Those of you who’ve kept your ears to the ground over the supposed summer in Sheffield will already have heard a bit about Electronic Supper Club, and by the time this is published a lucky few may have even attended one of their events. The project is an ambitious collaboration between an bunch of Sheffield artists, musicians and geeks headed up by the city’s techno stalwarts The Black Dog and photographer Shaun Bloodworth. Aiming to combine live broadcasts with cutting edge technology to bring a new level of quality to such affairs, the initial round of events will showcase some of the North’s best talent, with a real mixture of names you’ve heard of and some you probably haven’t.
Kicking off from 22nd August, line-ups include Oris Jay, Grievous Angel and Paul Woolford as well as local heroes Squarehead and Box Jams. Going live on Wednesday evenings from the inimitable CADS, entry is by invite which can be applied for on the website below, but whilst capacity will initially be rather limited, you can catch all the action streaming live on the website.
Though the initial focus is on the live shows, the project’s scope extends far beyond being the North’s answer to the Boiler Room. The motivation behind the project is to showcase the often rather insular South Yorkshire art and music scene to a wider public, whilst retaining the DIY ethos that makes it so special. Using the technological set up developed for the live broadcasts, the project hopes to create features on developments in everything from the visual arts to creative technologies, as well as hosting interviews, written content and podcasts. The ball has been set rolling in the right direction on the latter front, with an excellent live set from project founders The Black Dog at Berghain already available on the website for your delectation, and interesting audiovisual experiments from SND member Mark Fell due to be covered this month as part of Festival of the Mind.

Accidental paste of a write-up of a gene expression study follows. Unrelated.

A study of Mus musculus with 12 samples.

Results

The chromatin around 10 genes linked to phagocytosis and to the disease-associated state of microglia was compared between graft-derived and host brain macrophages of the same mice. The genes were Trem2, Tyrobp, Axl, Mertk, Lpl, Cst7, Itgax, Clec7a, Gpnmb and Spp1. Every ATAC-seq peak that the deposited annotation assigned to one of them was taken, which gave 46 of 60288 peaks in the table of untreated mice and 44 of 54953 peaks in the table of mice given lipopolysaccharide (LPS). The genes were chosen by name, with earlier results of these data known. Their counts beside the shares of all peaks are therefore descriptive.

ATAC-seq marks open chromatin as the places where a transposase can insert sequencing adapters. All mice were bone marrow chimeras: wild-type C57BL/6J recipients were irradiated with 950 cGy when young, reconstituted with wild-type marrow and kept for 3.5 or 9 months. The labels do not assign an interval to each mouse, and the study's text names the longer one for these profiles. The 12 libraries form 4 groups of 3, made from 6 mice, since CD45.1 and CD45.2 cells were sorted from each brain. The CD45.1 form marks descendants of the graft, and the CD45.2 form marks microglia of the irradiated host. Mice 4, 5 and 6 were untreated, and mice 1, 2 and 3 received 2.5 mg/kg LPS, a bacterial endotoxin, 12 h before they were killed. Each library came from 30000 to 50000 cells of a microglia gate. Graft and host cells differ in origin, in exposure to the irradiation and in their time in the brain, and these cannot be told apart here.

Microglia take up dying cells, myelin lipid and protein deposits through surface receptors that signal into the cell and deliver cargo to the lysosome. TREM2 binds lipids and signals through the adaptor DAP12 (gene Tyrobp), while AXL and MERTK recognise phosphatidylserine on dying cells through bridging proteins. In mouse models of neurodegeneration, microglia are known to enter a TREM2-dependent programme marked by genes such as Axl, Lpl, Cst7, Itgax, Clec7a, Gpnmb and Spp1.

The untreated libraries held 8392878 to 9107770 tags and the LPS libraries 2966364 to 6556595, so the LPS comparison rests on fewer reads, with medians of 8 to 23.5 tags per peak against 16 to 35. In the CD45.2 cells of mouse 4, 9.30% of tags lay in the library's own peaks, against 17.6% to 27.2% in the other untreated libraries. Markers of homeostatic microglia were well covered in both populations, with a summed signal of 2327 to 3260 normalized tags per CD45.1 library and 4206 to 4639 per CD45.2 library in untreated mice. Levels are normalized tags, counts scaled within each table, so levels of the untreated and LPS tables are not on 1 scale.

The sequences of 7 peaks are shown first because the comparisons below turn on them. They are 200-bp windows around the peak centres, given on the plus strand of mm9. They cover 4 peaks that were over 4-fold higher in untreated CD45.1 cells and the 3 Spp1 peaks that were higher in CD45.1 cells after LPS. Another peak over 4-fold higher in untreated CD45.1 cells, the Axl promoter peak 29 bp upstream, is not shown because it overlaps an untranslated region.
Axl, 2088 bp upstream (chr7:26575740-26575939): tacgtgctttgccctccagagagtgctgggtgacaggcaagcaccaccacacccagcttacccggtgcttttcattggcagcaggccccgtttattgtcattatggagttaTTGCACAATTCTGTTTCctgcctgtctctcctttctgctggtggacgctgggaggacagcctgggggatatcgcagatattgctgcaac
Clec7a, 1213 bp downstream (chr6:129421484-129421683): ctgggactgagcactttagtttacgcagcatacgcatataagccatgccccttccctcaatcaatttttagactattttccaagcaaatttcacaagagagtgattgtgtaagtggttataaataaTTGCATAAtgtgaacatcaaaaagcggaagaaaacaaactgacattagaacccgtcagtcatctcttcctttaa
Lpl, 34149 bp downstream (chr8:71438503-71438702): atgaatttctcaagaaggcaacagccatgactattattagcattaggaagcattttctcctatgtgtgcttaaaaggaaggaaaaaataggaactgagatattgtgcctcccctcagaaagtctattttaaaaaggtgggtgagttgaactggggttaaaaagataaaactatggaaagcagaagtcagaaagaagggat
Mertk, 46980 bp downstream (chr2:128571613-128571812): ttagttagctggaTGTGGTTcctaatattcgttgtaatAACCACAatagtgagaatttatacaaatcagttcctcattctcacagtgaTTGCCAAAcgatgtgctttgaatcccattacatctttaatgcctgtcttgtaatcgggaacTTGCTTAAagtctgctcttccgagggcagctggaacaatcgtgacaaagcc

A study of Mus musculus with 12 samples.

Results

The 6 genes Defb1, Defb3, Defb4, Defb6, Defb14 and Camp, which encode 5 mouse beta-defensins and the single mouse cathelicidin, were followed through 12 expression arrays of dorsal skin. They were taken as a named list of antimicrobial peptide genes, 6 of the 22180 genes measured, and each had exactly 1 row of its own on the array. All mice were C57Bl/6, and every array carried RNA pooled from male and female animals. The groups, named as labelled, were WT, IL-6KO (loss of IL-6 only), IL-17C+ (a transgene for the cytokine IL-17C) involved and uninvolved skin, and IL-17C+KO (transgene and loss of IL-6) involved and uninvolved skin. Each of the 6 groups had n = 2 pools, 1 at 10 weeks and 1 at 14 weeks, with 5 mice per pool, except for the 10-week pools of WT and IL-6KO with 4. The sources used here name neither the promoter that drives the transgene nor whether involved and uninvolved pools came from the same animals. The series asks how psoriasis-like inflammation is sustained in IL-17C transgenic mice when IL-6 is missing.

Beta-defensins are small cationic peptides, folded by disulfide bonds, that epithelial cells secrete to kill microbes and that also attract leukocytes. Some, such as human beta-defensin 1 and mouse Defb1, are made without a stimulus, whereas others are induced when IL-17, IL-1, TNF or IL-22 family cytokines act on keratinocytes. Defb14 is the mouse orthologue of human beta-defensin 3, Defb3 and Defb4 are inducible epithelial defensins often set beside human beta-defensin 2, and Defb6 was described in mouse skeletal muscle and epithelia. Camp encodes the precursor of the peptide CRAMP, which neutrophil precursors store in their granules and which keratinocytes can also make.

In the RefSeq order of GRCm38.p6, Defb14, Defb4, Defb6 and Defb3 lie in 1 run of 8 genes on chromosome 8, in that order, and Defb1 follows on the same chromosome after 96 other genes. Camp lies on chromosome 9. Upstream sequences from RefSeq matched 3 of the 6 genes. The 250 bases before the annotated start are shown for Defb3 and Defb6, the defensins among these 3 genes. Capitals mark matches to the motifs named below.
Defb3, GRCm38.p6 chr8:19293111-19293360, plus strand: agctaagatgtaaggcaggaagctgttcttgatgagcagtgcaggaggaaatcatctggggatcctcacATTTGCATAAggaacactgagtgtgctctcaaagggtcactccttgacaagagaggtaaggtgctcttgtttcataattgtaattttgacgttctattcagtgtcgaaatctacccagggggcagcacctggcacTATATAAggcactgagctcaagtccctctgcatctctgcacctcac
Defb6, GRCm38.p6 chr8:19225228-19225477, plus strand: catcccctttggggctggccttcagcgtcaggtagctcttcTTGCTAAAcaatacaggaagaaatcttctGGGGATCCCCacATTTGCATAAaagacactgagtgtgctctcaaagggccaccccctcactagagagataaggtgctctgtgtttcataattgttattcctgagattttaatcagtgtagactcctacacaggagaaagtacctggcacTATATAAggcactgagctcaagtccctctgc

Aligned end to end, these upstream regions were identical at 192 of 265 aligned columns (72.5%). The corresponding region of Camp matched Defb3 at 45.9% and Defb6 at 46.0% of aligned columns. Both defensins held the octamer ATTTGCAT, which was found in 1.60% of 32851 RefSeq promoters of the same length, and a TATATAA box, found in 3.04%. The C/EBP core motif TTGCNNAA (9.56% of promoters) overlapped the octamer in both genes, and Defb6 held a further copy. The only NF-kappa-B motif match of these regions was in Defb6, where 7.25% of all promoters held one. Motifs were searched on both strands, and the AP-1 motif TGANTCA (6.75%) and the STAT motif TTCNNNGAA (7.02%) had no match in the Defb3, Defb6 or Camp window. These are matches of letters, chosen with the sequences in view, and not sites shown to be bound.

The first event was a suitably understated success, with all the artists rising to the challenge of playing sets designed to be carefully listened to, and a refreshingly Sheffield attitude to the crowd, who whilst enjoying themselves kept there distance from the cameras rather than desperately trying to crowd into the shot, as seems usual with this kind of event. The stream looked sharp, with immaculately shot visuals from Bloodworth complementing the action nicely, and the sound was some of the best I’ve heard in Sheffield.
Perhaps the best thing about this event is how it demonstrates that the DIY ethos mentioned earlier can still achieve results that supercede what has been done before in this area. A lot of time and money has been put into this by the founders, and the only return they are currently getting is the product itself, which we can all share in. Let’s make sure we treasure it so it can continue.